Theological education is one of the best ways of discovering more about the Christian faith, its relationship to our contemporary world, and what makes us the people we are. It helps us to explore and to cultivate adventurous faith, missional hope and grounded love, which are at the heart of our College life. New Encounters in Theology will help you learn about the Bible and the many ways Christian thinkers have tried to understand God’s ways. It will deepen your knowledge of Christianity so that you can better serve as a Christ-follower. This Durham University-accredited course would be a suitable way to go deeper with studies begun on the Foundations in Christian Ministry course.
New Encounters in Theology is a two-year programme of study that allows independent students to study part-time towards a Certificate in Theology, Mission and Ministry (120 Credits). It may be possible to continue studies for a Diploma (240 credits over four years in total) or a BA (over six years). It is also possible, in some circumstances, to transfer credits gained to continue studies elsewhere alternatively, you can simply attend and listen (as a sitter-in or audit student). Independent students and those training for ministry in the Church of England study and learn alongside each other.
Study topics include introductions to the Bible, Christian doctrine and history, and aspects of worship and other ministries in Christian service. Our teachers are experienced theologians from the region, including our staff, visiting academics and church leaders.
This programme is delivered through seven study days on Saturdays, held at the University of St Mark & St John in Plymouth. The dates for 2019-20 are: September 7, October 12, November 23, January 11, March 7, May 2, & May 30.
These are supported by online sessions and resources and interspersed with smaller local group meetings, (dates and locations for 2019-20 to be confirmed). These Reflective Practice Seminars gather twice in between each Saturday and are designed to develop, follow up and apply the teaching. Recordings and other online activities are delivered through Moodle, our virtual learning environment.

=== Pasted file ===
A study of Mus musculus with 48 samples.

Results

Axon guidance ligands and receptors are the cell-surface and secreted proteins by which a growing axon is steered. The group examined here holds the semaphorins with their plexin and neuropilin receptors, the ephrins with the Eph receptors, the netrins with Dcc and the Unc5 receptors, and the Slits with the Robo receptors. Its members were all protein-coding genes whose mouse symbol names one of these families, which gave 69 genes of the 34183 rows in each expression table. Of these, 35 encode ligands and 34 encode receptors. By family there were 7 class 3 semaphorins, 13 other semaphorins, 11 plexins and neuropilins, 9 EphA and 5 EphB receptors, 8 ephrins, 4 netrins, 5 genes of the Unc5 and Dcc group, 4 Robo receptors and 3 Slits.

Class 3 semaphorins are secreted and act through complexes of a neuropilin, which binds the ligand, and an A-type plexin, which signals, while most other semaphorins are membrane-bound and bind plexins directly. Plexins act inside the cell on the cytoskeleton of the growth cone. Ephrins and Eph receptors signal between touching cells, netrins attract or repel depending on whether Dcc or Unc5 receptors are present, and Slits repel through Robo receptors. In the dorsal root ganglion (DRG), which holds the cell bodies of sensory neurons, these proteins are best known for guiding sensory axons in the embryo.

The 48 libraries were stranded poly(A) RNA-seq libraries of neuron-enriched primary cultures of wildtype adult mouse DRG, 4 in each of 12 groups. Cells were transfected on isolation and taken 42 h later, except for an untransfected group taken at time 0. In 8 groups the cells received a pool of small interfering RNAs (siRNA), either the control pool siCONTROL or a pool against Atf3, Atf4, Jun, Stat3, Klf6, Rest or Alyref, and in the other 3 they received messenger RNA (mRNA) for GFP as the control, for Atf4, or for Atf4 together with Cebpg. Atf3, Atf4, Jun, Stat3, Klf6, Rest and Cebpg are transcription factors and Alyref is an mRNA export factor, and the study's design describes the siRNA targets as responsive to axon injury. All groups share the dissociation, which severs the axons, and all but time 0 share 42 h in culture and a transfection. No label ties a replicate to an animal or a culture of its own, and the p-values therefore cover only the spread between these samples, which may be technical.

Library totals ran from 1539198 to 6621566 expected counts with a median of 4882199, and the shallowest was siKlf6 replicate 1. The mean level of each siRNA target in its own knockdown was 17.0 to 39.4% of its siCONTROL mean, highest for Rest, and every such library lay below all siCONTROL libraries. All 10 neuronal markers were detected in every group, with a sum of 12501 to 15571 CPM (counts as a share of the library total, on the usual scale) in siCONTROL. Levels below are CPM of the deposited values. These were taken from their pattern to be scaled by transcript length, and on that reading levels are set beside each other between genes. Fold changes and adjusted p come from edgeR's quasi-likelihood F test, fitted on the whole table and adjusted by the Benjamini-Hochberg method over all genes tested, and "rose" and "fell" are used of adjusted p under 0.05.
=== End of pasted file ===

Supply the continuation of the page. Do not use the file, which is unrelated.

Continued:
How to Apply
Enquiries: We welcome enquiries at any time. Please contact the Academic Registrar at firstname.lastname@example.org or the Academic Administrator (email@example.com) if you are interested in studying with us or would like more information.
Registration: This should normally be complete before the end of August. You must have at least expressed an interest and attended the first Saturday study day of the course. Please contact Chris Halls at firstname.lastname@example.org who will send you a registration form to complete. There are no interviews.
- Certificate level: The basic entry level requirement is one A-level or equivalent but please contact the Academic Registrar (email@example.com) if you do not meet this requirement as we are able to accept some alternative experiences or qualifications.
- Diploma level: Previous award of Certificate
- Sitting in: Open to all
Fees: The fees for studying on this course are £100 registration (non-refundable) + (3 x £360) = £1,180 including lunch on the Saturdays.
If a student is in the process of discernment and is recommended to study by the DDO they will be entitled to a bursary and the total will be £850
Those wishing to attend as sitters-in pay £45 per Saturday. Alternatively, up to the date of the first weekend, sitters-in may pay £300 for all the Saturdays.
Reflections from a ‘sitting-in’ student…
“Perhaps because I missed out on higher education until I was in my 40s, it has always seemed a privilege to me to be in a higher education classroom. Somehow this sense of privilege is magnified when 99% of the class are required to succeed in theological and pastoral assessments to further pursue their vocation in the many and varied manifestations of church ministry. For a fee no more than an evening class, it is possible to sit alongside these inspiring students of all ages in the classroom, without the inevitable pressure of writing essays. ‘Sitting in’ students like me are welcomed as one of the group, and invited to share not only what they are learning from the texts and the lecturers but also to participate in their theological and ethical debates. For me it gives a theological frame to my work as a voluntary member of a hospital chaplaincy team, but even without that motivation I would want to ‘be there’ as, like all good higher education, this course causes me to question that which I had previously taken for granted.”